Saturday, August 7, 2010

Roma - Caffe!

Italy in general is a coffee country, but even more so, Rome is a coffee town.  There is a tremendous amount of great coffee in Rome.  You will be better off having your coffee during the day at a bar, instead of in a restaurant, or in your hotel.  "Bar" is the generic term for coffee bars in Rome.  Most bars will have digestivi available as well as coffee.  Some will have more food than others.

First a very brief rundown of coffee culture in Italy.  1.  Espresso is referred to as "caffe."  There really is no such thing in Italian coffee bars as American coffee.  You can order an Americano (espresso made long with water) if you want something close.  2.  Cappucino is only drunk in the morning.  Generally, before 11AM.  Feel free to order it later, but you will be judged and perhaps jokingly referred to as "German."  Also, Italians never drink cappucino after a meal, as they feel that milk is bad for digestion.  For many Italians, cappucino is breakfast, along with some bread, and fruit.  3.  At most of the bars, look for a cashier near the door.  You will tell the cashier what you want and pay for it there.  Then you will go to the bar, and order again from the barista.  Give him the receipt.  It is nice to leave some coins for a tip.  4.  The Italian way is to drink your coffee standing at the bar.  If a bar has tables, you will order at the table from a waiter and be charged a higher price.

Below, I will discuss 2 of the most famous bars in Rome, as well as one I found on the last trip that was really nice.

Very fortuitously, two most famous bars in Rome are located within a stones throw of the Pantheon.  It is quite possible to do both in one shot if you can handle the jolt.  I will discuss both, before revealing my favorite.

Caffe Sant'Eustachio
Piazza Sant'Eustcachio , 82

Sant'Eustachio is a little tricky to find the first time, but once you have found it, you will never have a problem again.  When facing the entrance to the pantheon, like the in the picture below, walk to the side street that runs along the right side of the building.  Perpendicular to this, you will see a small side street called Piazza Sant'Eustachio.  If in doubt, ask any Roman and they will point you in the right direction.

Once you get to the end of the street, you will see a little shop on this tiny piazza, that is absolutely mobbed.  We went there on a Sunday in January 2010, the place was packed to the gills with Italians who were enjoying the day.  It was a scrum to get to the cashier, and then a scrum to get to the bar, but it was a lot of fun as always.  You can see in the picture below, that the line snakes outside the door.

The house specialty is the "gran caffe."  This is a frothy, sweetened, double espresso.  No one knows exactly how they make this, and they would like to keep it that way.  There is a metal divider that blocks the espresso machine from the side, so you can't tell what they are doing when they make the coffee.  A gran caffe is pictured below.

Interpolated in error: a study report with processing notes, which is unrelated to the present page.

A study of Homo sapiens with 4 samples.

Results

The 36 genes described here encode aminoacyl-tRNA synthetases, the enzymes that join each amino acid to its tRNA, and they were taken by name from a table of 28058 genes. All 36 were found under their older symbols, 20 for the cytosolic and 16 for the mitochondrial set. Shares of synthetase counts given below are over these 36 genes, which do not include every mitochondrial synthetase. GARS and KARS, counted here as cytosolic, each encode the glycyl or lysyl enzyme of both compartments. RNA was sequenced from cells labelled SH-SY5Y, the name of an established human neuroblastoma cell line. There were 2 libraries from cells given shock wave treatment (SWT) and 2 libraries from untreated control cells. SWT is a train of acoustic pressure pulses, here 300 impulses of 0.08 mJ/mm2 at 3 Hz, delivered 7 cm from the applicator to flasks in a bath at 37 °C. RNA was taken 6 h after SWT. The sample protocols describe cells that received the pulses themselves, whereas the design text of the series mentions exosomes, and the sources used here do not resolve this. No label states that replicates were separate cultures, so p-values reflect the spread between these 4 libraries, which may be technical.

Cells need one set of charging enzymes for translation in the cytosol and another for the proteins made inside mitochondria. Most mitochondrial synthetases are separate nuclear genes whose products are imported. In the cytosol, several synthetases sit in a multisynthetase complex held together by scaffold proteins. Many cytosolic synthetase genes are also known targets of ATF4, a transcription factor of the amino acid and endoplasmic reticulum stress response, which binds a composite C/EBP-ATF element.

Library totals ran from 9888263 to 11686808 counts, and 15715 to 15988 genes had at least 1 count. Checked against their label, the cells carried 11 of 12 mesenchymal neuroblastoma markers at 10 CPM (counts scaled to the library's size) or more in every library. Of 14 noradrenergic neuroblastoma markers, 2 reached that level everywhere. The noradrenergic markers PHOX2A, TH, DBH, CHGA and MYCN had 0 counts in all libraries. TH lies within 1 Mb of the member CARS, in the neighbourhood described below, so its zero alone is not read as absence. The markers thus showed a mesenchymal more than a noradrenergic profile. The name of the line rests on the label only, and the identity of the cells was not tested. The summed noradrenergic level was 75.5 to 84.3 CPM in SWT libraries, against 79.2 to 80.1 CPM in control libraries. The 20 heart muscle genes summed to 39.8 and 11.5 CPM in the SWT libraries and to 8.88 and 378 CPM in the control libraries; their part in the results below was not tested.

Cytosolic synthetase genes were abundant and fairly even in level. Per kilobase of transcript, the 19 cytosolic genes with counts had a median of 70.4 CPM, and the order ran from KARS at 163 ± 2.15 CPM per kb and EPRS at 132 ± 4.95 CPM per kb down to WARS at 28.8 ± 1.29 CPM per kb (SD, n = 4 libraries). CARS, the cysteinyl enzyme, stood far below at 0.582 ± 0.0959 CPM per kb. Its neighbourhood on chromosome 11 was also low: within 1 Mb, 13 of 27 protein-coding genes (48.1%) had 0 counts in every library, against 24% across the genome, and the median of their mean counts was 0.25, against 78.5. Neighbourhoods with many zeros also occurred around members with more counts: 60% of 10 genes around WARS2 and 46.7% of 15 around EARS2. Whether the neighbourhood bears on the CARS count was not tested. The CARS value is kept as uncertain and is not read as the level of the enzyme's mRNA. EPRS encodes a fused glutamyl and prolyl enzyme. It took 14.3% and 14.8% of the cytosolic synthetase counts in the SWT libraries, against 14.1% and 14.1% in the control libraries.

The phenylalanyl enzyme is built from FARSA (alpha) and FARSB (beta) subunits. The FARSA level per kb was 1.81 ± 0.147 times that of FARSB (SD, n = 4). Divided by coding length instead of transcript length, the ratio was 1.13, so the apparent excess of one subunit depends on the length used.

I find the gran caffe a little sweet, but it is definitely very good.  The texture is very frothy, and a is hauntingly good.  If you want the gran caffe without out sugar, you can order it "senza zucchero."  They sell bags of coffee, and nice souvenirs as well.  Don't forget a back for me, your culinary advisor!

Tazza d'Oro

If you look left, when facing the pantheon (the same picture from above) you will be able to see Tazza d'Oro.  Tazza d'oro means cup of gold.

This is a larger bar than Sant Eustachio.  It feels more like a real working bar that is for the Romans.  Tazza d'oro has been in the same spot roasting there coffee on site since the 40's.  They actually have a second location in Fiumucino airport.  If you are lucky enough to arrive through that gate, get yourself a cafe, and you will know that you are in Rome.  Tazza d'oro also has some nice souvenirs.  Be sure to check out the roaster on the left side of the shop.

A picture of an espresso is below.

In truth, this is my preferred of the 2 bars.  I like that it a real working bar for romans.  The espresso is fantastic, and it is a little less of a hassle as it is bigger.  But, if you are a coffee fan, definitely try both!

Via Sardegna, 9/21

On our last trip in 2009 I found a bar somewhat near our hotel that was definitely worth the walk.  Our hotel, the Hotel Eden, was in the Via Veneto area, where a lot of hotels are located.  The owner was a very nice woman, who worked the cash register each time I was there.  If you can find a bar of this quality near your hotel, you are in business.  This is the perfect way to start the day for breakfast.

Pictured above is my breakfast from the day I went.  Un caffe, uno cornetto and una spremuta di arancia.  Cornetto is the Italian version of a croissant, the cafe is self explanatory, and the spremuta is another Italian treat.  Most good bars will sell succa di arancia as well as spremuta di arancia.  Succa do arancia is regular orange juice, while spremuta is squeezed on premises.  The spremuta is a little pricey, but definitely worth the extra charge.